Mouthguards have always served the purpose of protecting your teeth in high impact sports, like boxing and football. As DCMouthguards.com shares, mouthguards have been designed to absorb impact. Much like most inventions, the creation of this device is a result of necessity.
Here’s a brief history on how mouthguards came to be.
The Traditional Mouthguard
The dental appliance used to be just a chunk of wood. From this, it progressed to a perforated polymer. And which particular sport should you thank for the existence of mouthguards? Boxing.
It was in the late 1800s when boxers realized the need to protect their pearly whites. They began using a piece of wood, wool, tape, or sponge to clench between their teeth.
These materials served their purpose. They protected the teeth of boxers from rattling against each other. Boxers, however, eventually realized how hard it was to focus while they clenched their teeth all throughout the fight.
Just imagine the exhaustion of boxers from zeroing on their opponent while actively clenching their teeth against the material for them to be effective. It was a good start, but it was too much for the boxers.
The “Father” of Gum Shields
Woolf Krause, a London dentist, created “gum shields” or mouthguards to protect boxers from suffering from lip lacerations. Originally, Krause used gutta percha latex, a substance made from the sap of Palaquium trees, in creating gum shields. Boxers used them the same way they used a piece of wood to protect their teeth: by means of clenching.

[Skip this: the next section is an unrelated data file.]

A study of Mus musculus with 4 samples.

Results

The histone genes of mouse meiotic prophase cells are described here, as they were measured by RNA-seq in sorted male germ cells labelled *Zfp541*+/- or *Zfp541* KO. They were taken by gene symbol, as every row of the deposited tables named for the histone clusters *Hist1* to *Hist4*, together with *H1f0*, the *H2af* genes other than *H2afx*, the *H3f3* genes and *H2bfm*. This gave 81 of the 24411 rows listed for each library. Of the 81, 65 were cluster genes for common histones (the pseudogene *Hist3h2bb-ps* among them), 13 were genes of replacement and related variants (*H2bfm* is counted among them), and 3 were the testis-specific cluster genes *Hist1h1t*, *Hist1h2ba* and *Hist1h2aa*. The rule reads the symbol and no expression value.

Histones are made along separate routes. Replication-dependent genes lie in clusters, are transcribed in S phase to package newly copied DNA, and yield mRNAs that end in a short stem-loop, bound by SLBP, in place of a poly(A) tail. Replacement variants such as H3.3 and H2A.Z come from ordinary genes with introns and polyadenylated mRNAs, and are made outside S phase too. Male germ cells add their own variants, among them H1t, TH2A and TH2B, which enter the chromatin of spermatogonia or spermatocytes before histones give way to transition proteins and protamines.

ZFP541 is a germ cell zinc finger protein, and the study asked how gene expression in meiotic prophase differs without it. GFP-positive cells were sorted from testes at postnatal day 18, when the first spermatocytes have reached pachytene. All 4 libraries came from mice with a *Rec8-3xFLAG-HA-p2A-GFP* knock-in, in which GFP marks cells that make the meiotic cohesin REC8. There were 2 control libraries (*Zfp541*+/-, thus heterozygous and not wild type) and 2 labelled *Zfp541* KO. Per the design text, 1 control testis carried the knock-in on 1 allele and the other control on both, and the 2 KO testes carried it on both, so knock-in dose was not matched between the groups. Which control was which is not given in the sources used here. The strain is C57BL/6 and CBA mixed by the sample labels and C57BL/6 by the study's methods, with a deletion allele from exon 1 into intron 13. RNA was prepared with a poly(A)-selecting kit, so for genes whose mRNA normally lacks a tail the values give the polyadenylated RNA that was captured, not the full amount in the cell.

The gum shields worked quite well. The problem, however, was they can only be used once, so it was inconvenient for boxers to keep buying them.
Thanks to Woolf’s son, Philip, mouthguards improved further. Philip, also a dentist and an amateur boxer, improved his father’s design by making it reusable. He made the gum shield from vella rubber, a more pliable substance than percha latex.
The Krauses invented gum shields, but it was Thomas Carlos who manufactured the first mouthguard in America in 1916. In the 1930s, mouthguards became a part of the standard equipment of boxers. They have remained as such to this day.
It was in the 1940s when football players discovered the need for mouthguards. In 1947, Rodney Lundquist, a dentist in Los Angeles, enhanced mouthguards. Using transparent acrylic, he made a splint, which perfected the fit of the mold of the mouthguards.
The improved mouthguards fit the upper and lower teeth well. Plus, they were less obtrusive and they protected teeth better than the previous design. Frankie Albert, San Francisco 49er’s quarterback, was the first professional athlete to use the improved mouthguard in 1948.
The Progress of Mouthguards
In the 1950s, the American Dental Association (ADA) started endorsing the benefits of mouthguards. The association began formally recommending the device by using it in all contact sports during the 1960s.
In 1962, the ADA required all high school football players to wear mouthguards. Today, using a mouthguard is advisable in 29 different sports.
Mouthguards or gum shields come in different shapes, colors, and sizes now. But they are more than their colorful designs; they protect your pearly whites from injury.